Having briefly reached the once elusive height of 7000 for the first time in the spring of 2015, the FTSE 100 Index remained above that level for the whole of 2017 as the bull market entered its 9th year. The index peaked at 7778 on 12th January but in a matter of only ten weeks has dropped 11%; 3.5% of the fall coming during last week, alone.

There are two main reasons for the current market volatility. Firstly, and probably most damaging, is the trade war which has now developed between the US and China. Further to Donald Trump’s imposed tariffs on steel and aluminium imports, the President has now ordered new 25% tariffs on $50bn of Chinese imports, following an investigation in to intellectual property theft; a long-standing bone of contention. The US also plans to impose new investment restrictions and take action against China at the World Trade Organisation. In response, China has imposed tariffs on just $3bn worth of US imports, but has vowed to ”fight to the end” and “not recoil from a trade war.”

Secondly, both the Federal Open Market Committee (FOMC) in the US and the Monetary Policy Committee (MPC) in the UK made decisions on interest rates. The US central bank raised the federal funds rate by 0.25% to a range of 1.5-1.75% due to the rapidly improving economy, low unemployment and a predicted rise in inflation. GDP growth for this year and next has been revised upwards with it moderating after 2020. The committee announced there would be two more rate rises this year, and a further three in 2019. The MPC kept UK interest rates at 0.5%, although two members of the committee backed an increase. However, with British workers’ pay rising at its fastest pace in more than two years, the expectation is for a rate rise in May with a likely further increase before the end of 2018; this is despite inflation falling to a seven-month low of 2.7% in February, down from 3% in the previous two months.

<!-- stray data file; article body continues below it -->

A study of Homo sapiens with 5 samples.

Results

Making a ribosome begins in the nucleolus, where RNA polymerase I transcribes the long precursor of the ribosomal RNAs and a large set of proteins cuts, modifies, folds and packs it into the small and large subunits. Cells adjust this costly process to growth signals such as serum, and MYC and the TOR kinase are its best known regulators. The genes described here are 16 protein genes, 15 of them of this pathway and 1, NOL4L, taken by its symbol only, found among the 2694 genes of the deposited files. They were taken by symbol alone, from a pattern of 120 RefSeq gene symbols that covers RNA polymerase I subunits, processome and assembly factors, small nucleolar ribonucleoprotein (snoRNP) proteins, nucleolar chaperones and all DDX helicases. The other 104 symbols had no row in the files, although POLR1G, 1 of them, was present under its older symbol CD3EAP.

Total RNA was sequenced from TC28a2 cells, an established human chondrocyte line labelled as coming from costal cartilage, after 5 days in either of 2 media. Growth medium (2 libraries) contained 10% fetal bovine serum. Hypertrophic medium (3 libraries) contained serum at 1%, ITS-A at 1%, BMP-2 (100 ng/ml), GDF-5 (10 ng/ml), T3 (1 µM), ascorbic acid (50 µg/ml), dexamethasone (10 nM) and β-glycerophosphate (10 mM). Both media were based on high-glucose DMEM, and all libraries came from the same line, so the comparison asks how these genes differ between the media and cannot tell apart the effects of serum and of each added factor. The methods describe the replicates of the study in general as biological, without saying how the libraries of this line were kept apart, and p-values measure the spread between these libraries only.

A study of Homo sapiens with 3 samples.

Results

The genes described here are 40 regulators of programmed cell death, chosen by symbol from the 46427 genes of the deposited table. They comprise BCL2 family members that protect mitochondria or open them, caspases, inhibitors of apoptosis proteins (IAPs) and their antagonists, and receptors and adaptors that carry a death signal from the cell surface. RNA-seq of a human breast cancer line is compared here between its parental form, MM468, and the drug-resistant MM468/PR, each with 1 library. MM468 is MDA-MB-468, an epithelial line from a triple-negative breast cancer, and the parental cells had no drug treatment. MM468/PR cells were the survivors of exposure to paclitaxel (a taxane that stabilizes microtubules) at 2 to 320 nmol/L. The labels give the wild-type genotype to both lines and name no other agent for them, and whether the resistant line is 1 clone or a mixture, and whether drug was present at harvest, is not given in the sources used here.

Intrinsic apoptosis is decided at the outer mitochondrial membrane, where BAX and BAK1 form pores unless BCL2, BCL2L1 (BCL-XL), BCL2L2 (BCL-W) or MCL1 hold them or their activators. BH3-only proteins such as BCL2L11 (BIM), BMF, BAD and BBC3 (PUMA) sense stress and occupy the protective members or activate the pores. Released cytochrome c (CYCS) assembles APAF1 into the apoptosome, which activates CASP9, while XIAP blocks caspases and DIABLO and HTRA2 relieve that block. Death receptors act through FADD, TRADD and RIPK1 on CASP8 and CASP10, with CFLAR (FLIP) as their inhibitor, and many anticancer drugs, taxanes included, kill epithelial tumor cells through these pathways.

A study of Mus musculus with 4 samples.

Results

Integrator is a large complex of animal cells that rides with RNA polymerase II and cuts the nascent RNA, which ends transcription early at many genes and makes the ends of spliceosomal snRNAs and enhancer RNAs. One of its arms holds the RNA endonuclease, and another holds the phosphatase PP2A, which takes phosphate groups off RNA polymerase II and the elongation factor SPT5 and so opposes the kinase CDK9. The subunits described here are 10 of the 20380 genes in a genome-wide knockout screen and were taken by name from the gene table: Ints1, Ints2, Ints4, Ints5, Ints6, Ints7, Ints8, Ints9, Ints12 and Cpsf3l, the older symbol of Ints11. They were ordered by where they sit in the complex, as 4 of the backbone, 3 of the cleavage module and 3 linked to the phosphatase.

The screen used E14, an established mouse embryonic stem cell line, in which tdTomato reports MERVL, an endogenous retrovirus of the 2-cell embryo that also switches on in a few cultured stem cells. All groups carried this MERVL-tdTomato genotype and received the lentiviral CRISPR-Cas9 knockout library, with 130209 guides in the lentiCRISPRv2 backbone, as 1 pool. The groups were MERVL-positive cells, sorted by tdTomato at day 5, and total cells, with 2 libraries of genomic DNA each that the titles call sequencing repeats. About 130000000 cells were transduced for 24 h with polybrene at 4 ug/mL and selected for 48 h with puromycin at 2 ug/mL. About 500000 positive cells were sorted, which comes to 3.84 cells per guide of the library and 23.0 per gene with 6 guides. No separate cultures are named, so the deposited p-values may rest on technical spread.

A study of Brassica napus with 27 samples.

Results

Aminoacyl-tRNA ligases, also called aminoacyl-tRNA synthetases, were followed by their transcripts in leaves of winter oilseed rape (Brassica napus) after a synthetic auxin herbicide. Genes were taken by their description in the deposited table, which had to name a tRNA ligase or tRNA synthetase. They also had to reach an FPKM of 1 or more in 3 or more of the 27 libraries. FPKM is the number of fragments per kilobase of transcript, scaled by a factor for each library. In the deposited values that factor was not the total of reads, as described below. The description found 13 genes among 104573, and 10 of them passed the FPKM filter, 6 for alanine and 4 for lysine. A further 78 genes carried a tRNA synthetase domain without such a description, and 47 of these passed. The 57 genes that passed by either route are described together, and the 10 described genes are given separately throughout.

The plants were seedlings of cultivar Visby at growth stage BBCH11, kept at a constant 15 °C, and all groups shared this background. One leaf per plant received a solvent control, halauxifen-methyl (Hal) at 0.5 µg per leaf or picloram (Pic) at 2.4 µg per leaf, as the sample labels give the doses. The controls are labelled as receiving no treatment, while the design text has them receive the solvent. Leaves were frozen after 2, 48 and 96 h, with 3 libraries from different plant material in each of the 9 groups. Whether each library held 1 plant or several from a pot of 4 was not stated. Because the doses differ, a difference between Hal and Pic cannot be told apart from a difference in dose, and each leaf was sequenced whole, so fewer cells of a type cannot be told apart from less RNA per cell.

EU leaders have approved guidelines for the negotiation of future relations with the UK, post-Brexit, clearing the way for the next phase of Brexit talks. Britain has also secured a 21-month transition period to take place from March 2019, when the UK officially leaves, until the end of 2020; this should lessen the impact of Brexit for exporters.

Elsewhere, Facebook came under pressure to explain how data collected on 50 million users was exploited for political gain, following claims that consultancy firm, Cambridge Analytica, used the leaked information to help Donald Trump win his presidency. Facebook CEO, Mark Zuckerberg, admitted that the company had made mistakes and has been summoned to appear before US Congress.